If a smoke event is imminent
Seasonal prescribed burn information
Fires can be planned or unplanned. Planned fires, or prescribed burns, may be conducted by forest management agencies, local shires, local and volunteer bushfire brigades and landholders.
Lighting fires is restricted during summer when smoke is most damaging to wine grape production. However, fires can still occur especially when fruit production coincides with autumn fires.
State forest management departments may conduct management activities that produce smoke, including prescribed burning. In Western Australia, the Department of Parks and Wildlife (DPaW) conducts prescribed burns in spring and autumn. These are undertaken for a variety of purposes that include:
- reduction of forest fuel loads to minimise wildfires
- protection of life, property and the community
- enhancement of biodiversity values
- to rehabilitate vegetation after timber or mining activities
- to research fire effects and fire interaction with the environment.
DPaW uses a Master Burn Plan in order to identify the areas requiring prescribed burning for the coming year and indicate the burning schedule for three years into the future. Information on the timing of prescribed burns is communicated widely to industry and the community. This information is readily available from the DPaW website at www.dpaw.wa.gov.au or by phoning +61 (0)8 9219 9000. In other states, contact your relevant forest management department.
Registration of sensitive sites
‘Sensitive Sites WA’ is a DAFWA service designed to help locate sensitive agricultural production systems within the agricultural regions. A sensitive site is defined as a property whose owner and DAFWA believe may be sensitive to impact from activities on nearby land. This service aims to assist with risk assessment and risk mitigation plans for ongoing production and to help protect these sensitive agricultural production systems.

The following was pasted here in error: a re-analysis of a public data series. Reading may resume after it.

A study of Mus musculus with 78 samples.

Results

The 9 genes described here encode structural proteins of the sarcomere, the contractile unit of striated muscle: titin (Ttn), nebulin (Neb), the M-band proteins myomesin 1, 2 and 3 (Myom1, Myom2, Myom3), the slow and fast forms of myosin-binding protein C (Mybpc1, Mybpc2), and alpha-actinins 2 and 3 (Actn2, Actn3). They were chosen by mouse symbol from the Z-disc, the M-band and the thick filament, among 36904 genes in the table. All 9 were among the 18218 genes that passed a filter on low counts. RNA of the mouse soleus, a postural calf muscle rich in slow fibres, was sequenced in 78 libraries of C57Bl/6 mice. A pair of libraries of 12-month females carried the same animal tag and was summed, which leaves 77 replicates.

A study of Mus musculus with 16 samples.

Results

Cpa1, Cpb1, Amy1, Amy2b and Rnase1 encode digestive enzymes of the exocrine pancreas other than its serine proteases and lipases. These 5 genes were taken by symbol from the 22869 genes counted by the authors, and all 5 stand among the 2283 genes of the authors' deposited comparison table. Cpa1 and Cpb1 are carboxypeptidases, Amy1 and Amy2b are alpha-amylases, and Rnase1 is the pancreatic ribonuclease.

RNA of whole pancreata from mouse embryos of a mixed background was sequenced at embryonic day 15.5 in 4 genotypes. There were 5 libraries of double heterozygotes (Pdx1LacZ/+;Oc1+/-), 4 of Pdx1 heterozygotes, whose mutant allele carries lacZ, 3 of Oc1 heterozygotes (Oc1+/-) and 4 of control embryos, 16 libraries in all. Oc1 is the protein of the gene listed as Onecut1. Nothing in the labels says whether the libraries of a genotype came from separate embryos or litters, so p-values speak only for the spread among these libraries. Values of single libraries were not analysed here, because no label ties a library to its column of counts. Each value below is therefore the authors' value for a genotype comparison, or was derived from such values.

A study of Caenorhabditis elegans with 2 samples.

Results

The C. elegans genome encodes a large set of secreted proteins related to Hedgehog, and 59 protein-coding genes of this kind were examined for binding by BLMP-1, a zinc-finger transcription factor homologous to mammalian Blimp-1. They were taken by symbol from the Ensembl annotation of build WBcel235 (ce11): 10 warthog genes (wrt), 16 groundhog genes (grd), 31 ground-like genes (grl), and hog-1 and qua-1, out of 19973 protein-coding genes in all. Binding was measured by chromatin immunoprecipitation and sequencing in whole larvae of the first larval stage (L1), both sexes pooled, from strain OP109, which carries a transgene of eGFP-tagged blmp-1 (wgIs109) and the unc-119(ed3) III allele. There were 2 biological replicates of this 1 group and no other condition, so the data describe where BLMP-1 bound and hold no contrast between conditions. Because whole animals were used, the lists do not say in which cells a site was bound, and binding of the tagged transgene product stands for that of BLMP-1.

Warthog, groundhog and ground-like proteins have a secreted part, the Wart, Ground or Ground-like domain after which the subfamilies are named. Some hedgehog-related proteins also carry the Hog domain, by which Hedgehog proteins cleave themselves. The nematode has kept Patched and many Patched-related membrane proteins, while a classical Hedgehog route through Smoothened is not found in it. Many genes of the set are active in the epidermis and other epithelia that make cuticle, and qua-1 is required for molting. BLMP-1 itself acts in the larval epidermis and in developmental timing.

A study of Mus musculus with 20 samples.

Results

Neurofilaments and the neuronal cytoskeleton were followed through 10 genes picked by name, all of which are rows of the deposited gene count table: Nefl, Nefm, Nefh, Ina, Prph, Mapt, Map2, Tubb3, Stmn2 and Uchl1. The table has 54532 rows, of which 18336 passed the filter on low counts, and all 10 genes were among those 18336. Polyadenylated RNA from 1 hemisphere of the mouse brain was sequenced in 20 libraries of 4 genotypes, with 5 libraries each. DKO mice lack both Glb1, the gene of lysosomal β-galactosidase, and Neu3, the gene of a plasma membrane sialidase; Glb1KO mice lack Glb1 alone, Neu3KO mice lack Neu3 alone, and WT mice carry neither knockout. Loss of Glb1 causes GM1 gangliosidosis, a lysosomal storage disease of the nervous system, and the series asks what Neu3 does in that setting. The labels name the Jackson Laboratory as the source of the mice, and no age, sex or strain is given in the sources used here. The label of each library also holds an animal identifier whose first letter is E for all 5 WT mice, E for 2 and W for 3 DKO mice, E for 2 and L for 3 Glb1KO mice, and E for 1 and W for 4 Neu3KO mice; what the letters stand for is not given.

Examples of sensitive sites include production certified as organic and/or biodynamic and viticulture. Specific examples of activities on neighbouring lands that are known to impact on wine grape production include:
- smoke effect in grapes and wine from planned and unplanned fires
- off-target spray drift damage
- eucalyptus characteristics in wine from adjoining blue gum plantations
- pest and disease risks from neglected vineyards.
Properties identified as sensitive sites are defined on a map that is accessible on this website. If you wish to register your interest for inclusion of your property email email@example.com or telephone +61 (0)8 9368 3333.
Formalising end of harvest dates
In order to reduce potential conflicts between smoke events and wine grape production, many strategies can be employed.
Producers can communicate key grapevine growth stages regularly to forest management agencies and local shires, particularly the key ripening timing, to reduce potential conflicts.
Ideally, central communication points could be established in each region for disseminating information, where both formal and informal communication can be used. These strategies would be individual to each region and could include:
- Regional wine producing groups to register their interest in communicating end of harvest dates with local shires and forest management agencies
- Organisation of a central communication point within each agency involved
- Wine producers to provide regular (weekly) feedback on the progress and timing of harvest dates to their regional association
- Central communication points to collect end of harvest timing from grape producers and communicate these to forest management agencies and local shires
- Central communication point to provide regular feedback and communication between forest management agencies, local shires and wine grape producers.